Reviewing The Essays of Virginia Woolf, Volume 6: 1933-1941, for the December issue of The Atlantic Monthly, Benjamin Schwarz notes that, despite Woolf’s place in “the highest stratum of the English intellectual aristocracy,” her essays were written not for the academic but for the common reader, the category in which she rather modestly placed herself. The common reader, she posited, “reads for his own pleasure rather than to impart knowledge or correct the opinions of others.”
Despite her knowledge of Greek and her voracious reading of the classics, Woolf considered herself a self-taught reader. As a woman, she had been denied the illustrious Oxford education that the men in her family enjoyed. As it turns out, her lack of affectation, her insistence on taking pleasure in reading, is what makes her essays on literature so lucid, smart, and delicious to read.
A reader must check the desire for learning at the outset; if knowledge sticks to him well and good, but to go in pursuit of it, to read on a system, to become a specialist or an authority, is very apt to kill…the more humane passion for pure and disinterested reading. The true reader is a man of intense curiosity; of ideas; open-minded and communicative, to whom eating is more the nature of brisk exercise in the open wire than of a sheltered study.
For all of her wealth and status–the very condition that allowed her the covetedroom of one’s own–Woolf also believed passionately in the democracy of reading, as evidenced in her essay “The Leaning Tower.”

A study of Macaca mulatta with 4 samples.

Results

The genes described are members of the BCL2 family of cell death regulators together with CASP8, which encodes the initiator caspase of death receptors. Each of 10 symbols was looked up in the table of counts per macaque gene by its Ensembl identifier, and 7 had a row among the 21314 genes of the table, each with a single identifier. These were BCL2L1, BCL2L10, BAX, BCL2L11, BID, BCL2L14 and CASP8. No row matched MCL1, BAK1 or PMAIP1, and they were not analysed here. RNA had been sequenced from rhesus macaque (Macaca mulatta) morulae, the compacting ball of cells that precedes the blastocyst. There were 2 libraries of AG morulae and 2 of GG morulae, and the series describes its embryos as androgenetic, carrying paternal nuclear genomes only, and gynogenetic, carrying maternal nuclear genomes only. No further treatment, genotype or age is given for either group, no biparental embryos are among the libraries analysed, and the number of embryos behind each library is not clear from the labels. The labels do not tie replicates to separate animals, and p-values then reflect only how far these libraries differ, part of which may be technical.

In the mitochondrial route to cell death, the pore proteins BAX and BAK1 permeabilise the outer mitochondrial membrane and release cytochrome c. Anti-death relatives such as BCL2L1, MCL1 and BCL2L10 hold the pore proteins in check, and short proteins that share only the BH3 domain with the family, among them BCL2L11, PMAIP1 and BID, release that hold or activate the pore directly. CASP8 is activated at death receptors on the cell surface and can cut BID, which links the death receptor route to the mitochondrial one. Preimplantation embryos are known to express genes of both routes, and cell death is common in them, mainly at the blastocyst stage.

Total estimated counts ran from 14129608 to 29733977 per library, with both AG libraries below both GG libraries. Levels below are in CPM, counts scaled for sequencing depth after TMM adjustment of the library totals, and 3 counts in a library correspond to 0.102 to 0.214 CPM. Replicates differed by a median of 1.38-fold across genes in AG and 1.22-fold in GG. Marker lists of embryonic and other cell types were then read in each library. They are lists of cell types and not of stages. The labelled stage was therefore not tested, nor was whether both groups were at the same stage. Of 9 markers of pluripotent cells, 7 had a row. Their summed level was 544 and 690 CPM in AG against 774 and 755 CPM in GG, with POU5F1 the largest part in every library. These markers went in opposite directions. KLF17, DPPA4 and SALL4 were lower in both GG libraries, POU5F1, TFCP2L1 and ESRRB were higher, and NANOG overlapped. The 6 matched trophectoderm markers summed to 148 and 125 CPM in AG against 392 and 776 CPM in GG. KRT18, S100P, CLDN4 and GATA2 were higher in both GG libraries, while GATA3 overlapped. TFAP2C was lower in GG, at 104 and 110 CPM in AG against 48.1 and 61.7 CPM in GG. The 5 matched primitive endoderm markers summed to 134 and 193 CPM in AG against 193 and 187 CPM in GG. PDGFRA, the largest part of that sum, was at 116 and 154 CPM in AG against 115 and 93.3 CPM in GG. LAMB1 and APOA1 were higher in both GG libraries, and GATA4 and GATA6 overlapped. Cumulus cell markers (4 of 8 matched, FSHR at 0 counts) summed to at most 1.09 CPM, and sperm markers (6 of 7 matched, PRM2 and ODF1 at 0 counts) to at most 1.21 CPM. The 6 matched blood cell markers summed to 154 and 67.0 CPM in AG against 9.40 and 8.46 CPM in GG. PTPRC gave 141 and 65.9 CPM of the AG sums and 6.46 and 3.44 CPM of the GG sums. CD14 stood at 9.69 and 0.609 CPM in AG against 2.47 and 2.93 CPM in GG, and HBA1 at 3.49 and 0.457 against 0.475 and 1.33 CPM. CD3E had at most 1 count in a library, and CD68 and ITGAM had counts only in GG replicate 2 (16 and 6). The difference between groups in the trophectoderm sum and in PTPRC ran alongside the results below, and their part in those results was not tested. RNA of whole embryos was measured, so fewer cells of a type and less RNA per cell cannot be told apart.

Literature is no one’s private ground; literature is common ground.
Woolf’s prescription for the survival of literature, which might have ruffled feathers in her time, is no less meaningful today. Literature will survive, she wrote,
if commoners and outsiders like ourselves make that country our own country…teach ourselves how to read and how to write, how to preserve and how to create.
Many critics may scoff at just how much reading has become a common pursuit. The prevalence of Wimpy Kid books, vampire series, and crime thrillers might make them shudder. Perhaps this isn’t what Woolf had in mind when she called upon the common reader to ensure the survival of literature. I imagine she pictured schoolgirls in smart uniforms reading Henry James and William Thackeray while sipping tea and nibbling crumpets; the vision of teens in hoodies devouring Stephanie Meyer books might very well have appalled her. But Woolf also wrote that the common reader is, above all, “guided by an instinct to create for himself.” And books that engage the reader, no matter the genre, do just that.
My eight-year-old can’t get through ten pages of Big Nate without throwing the book aside, declaring, “This is making me want to write a comic book!” and going off in search of pencil and paper. Meander through any pile of papers and books in our house (and there are many), and you’re likely to find a comic written and illustrated by my son, alongside my many notebooks filled with scraps of stories and novels. Even as an adult, one of the greatest pleasures I take in reading is the way it inspires me to create something. Joan Didion, John Berger, Lars Gustafsson, Jorge Luis Borges, Grace Paley, and Graham Greene, among others, are my Big Nate. I read a few chapters–sometimes, just a few sentences–and find that I’m itching to write.
I began, of course, as a far more common reader than Woolf and her ilk, educated as I was in Alabama evangelical schools and fed a lowbrow but addicting diet of Bible stories, Reader’s Digest Condensed Books, and Uncle Remus Bedtime Stories. As a child, I didn’t realize there was much else out there. But one book led to another, and another, and so on, and by the time I was in middle school I knew I would become a writer.
I am the common reader; so is my son; so are you. We all are beneficiaries of a vision that took root sometime in the last two centuries–that books and reading should be a common pursuit, a guiding pleasure principle for all of us.